The Young and Impressionable
I do a weekly blog which nobody reads. Blogs are like awards: There are too many of them. Anyway, last week’s blog had a hard time getting past one of our young editors simply because I wrote that my first election was the JFK-Nixon 1960 race and that President Kennedy was later murdered by the United States intelligence community. Notice I didn’t say CIA because it took more than one agency to pull off the crime of the century. There was just too much coordination (including altering the autopsy of the president’s body) to have been the work of one group, much less one man. There had to be assistance from the Secret Service and very likely the Dallas police. The actual shooters will probably never be known; but who covered up the crime has become clear.
The young editor suggested I use a modifier, such as “likely,” because, she said, a conspiracy has never been proved. In response I gave her a copy of Gaeton Fonzi’s book, The Last Investigation, which appeared originally in Gold Coast in 1980. The book version did not come out until 1994, and two years ago it was republished with a foreword written by yours truly. Now, I am not an authority on the JFK murder, but I sure am an authority on the authority – Fonzi. I was with him the day in Wildwood, N.J., when a lawyer named Vince Salandria walked us through crucial evidence and convinced us both that the idea of a lone assassin was absurd. Not long after I heard the tape of Fonzi’s interview with Arlen Specter, the soon-to-be ex-senator from Pennsylvania and the man who came up with the “single-bullet theory.” Specter, who was surprised by Fonzi’s detailed knowledge of the president’s wounds, stumbled all over the place trying to explain the unexplainable.
Subsequently, for five years (1975-1980) I was looking over Fonzi’s shoulder when he was an investigator for the federal government when the assassination investigation was reopened by two government committees. I say again – federal government. He had access to documents and people that no outside investigator saw. He was also the man who discovered, through a Cuban exile who worked for the CIA for years, that Lee Harvey Oswald – the man who took the blame for the crime and then took a bullet to silence him – was a CIA operative himself. Fonzi also saw firsthand the disinformation campaign with CIA operatives, such as Watergate burglar Frank Sturgis, sending him on wild goose chases. Fonzi also saw the CIA pretending to cooperate by assigning a man to facilitate communication who, it was later learned, may have been deeply involved in the assassination coverup. It all struck Fonzi as a cover up of a cover up. So, he wrote the book.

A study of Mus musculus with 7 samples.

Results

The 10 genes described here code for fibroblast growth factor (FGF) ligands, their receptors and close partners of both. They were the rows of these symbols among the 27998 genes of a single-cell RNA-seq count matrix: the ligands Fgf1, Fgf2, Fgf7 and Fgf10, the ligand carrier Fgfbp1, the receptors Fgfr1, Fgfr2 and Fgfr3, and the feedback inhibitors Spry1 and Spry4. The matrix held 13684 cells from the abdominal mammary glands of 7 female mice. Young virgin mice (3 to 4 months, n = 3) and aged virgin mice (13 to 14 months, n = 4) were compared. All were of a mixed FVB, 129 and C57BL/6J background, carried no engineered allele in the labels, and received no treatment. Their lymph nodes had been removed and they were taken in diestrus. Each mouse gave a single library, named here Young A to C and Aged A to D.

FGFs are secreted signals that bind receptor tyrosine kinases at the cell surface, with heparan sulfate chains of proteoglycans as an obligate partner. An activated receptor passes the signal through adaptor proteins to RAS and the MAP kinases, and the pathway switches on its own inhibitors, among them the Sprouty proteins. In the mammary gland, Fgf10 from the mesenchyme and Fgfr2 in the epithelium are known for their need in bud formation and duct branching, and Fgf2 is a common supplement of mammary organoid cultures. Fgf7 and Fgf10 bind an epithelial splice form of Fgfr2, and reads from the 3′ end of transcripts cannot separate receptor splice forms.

His information has since been reinforced by other investigators who built on Fonzi’s work. Among other things, they have discovered that Robert Kennedy almost immediately sensed the nature of his brother’s killing. One of his first calls was to the CIA, and contrary to his public posture of accepting the Warren Commission, he got word through private sources to the Russians that he knew they were not involved. He wanted to defuse the tensions which followed when a disinformation campaign portrayed Oswald as a communist sympathizer. That was part of the game: Blame Castro (and by extension Russia) and possibly provoke a war.
I have written about this subject often, partly because it has been so close to this magazine for years, but mostly because the rest of the media continues to fail in its role. Just recently there was Chris Matthews on CNBC talking about the dangers of hate in this country and reminding us of 1963 and Lee Harvey Oswald. He has used such allusions before, reinforcing the great lie that a lone nut murdered a president. It is infuriating that someone who seems so well informed on political history – or at least pretends to be – does not seem to understand what happened that day in Dallas. Matthews is right in that there was hatred in the country in 1963; but it was not Oswald doing the hating. He was just a dupe. The real haters were highly placed people in what President Eisenhower called “the military industrial establishment.” In this case they were military and intelligence people who regarded JFK as a traitor who had sold out on Cuba – first at the Bay of Pigs, and secondly (and more importantly) the Cuban Missile Crisis.
The other thing annoying is the silence of the Kennedys. Last month marked the first anniversary of Sen. Edward Kennedy’s death. I had long been confident that Sen. Kennedy would have left behind some indication of what he thought about his brother’s murder. If Robert Kennedy knew what happened, Ted Kennedy had to know the same. But he died, long after the tragedy and after most of those involved are not around, without confronting the findings of the Warren Commission. Writers who tried to contact him late in life found him unwilling to even talk about the event. It was too painful, for him and the rest of the Kennedys.
So back to our young editor. Her mother was 2 days old when Kennedy died, and it bothers me that people like Matthews can influence new generations. I knew she would not read Fonzi’s book, at least not quickly for it is long and complex. So, I just told her to read my introduction, which is just a few pages, but makes the case. I am not sure if she has read it yet. But I am sure if Chris Matthews took the time to read the book, and a few of the books more recently published, he would not be so inclined to make a fool of himself on television.